The request by the Association of American Railroads (AAR) asking the Surface Transportation Board (STB) to include a cost-benefit analysis into its rulemaking process is being viewed by some as a positive step towards aligning STB procedure with other U.S. Department of Transportation (DOT) agencies.
“It makes sense for an agency that issues regulations to conduct an analysis on the costs and benefits of those proposed regulations. DOT has to do that for issues impacting trucking companies. Why should rail be treated differently?” said transportation attorney Bill Mullins. Mullins served as chief of staff for the Interstate Commerce Commission, the predecessor of the STB.
A leading freight railroad trade group, the AAR asked the STB in a March 14 petition to consider including a cost-benefit analysis, also known as an economic analysis or regulatory impact analysis, when it considers creating new rules affecting railroads and shippers alike.
Because the STB is considered an independent agency, it hasn’t been mandated to include a cost-benefit analysis in its rulemaking process. But AAR argues that conducting such an analysis would bring the STB more in line with what other federal agencies are already doing.
“We believe the STB would be better positioned to meet its statutory mandate and bring its practices more in line with the spirit of past Executive Orders, which the Board has largely acknowledged to date,” said AAR president Ian Jefferies.
If the STB agrees with AAR’s request, the cost-benefit analysis would be required for proposed rules but not for rate or service disputes between individual parties.
Whether the STB decides to conduct a cost-benefit analysis of existing proceedings, such as EP 711 on reciprocal switching, is up to the Board’s discretion, according to AAR director of public affairs Ted Greener.
In the proceeding on reciprocal switching, which boils down to the way railroads charge shippers if goods are transferred at interchanges from one rail line to another, a cost-benefit analysis would facilitate the STB’s deliberations. The National Industrial Transportation League (NITL) requested that the Board revise the rules on reciprocal switching in July 2011, and that proceeding is still before the agency.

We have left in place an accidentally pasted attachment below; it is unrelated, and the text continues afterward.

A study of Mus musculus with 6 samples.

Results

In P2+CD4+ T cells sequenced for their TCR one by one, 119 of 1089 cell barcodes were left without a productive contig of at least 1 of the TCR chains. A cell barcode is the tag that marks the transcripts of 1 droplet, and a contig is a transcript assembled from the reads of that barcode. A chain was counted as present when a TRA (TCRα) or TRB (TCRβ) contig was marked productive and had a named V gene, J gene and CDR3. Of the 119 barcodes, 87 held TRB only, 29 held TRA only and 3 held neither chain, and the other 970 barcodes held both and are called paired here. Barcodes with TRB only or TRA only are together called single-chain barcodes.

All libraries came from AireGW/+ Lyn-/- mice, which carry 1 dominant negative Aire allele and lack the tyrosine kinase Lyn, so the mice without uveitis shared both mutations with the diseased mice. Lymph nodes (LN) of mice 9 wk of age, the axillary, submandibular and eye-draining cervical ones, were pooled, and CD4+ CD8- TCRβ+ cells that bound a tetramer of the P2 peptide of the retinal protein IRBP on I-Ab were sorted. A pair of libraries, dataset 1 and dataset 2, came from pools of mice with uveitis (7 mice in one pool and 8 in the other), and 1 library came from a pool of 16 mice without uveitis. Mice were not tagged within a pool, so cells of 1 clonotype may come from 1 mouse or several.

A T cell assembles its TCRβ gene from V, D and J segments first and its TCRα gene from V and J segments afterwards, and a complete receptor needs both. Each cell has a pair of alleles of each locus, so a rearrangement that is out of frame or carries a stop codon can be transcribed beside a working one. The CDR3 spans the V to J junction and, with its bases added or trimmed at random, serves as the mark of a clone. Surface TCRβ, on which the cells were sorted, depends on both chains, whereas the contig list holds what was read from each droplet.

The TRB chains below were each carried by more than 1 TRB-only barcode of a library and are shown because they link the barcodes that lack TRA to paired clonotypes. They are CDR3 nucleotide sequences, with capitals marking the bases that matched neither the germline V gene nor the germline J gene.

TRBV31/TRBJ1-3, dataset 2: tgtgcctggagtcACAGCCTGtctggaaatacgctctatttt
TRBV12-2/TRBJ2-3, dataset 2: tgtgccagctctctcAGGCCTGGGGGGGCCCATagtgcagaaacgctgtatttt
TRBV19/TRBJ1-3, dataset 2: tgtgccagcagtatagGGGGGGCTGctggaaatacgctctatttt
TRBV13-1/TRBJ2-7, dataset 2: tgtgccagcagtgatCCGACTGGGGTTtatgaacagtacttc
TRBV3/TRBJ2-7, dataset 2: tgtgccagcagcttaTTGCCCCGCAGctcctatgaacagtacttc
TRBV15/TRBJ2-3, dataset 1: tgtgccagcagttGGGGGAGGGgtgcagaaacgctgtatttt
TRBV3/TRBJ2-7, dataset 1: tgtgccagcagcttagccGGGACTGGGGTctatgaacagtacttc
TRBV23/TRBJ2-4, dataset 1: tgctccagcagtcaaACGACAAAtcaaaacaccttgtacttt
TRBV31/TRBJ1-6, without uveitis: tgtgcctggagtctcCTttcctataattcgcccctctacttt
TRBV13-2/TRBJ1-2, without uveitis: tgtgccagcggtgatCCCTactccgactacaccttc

“Any proceeding at the STB is theoretically of interest to railroads and shippers alike. It would be up to the STB, if they were to adopt our petition, to apply the analysis to pending matters, such as switching,” Greener said. “But we of course believe that doing so would show the costs of such a scheme would far outweigh any purported benefits.”
Shippers meanwhile are still assessing what the inclusion of a cost-benefit analysis would mean to them, and several shippers’ groups, including NITL, didn’t return requests for comment.
But a shipper attorney guessed that AAR might be looking at how the DOT regulates transportation modes, based on the AAR petition’s mention of the 2015 U.S. Supreme Court case between Michigan and the U.S. Environmental Protection Agency, in which the highest court said costs would be relevant in setting Clean Air Act standards unless Congress clearly said otherwise.
That logic “may well also apply then to what DOT does – the Federal Railroad Administration, the Pipeline and Hazardous Materials Safety Administration – in regulating the railroads…I wonder if the railroads have thought about the implications of that for their industry,” the attorney said.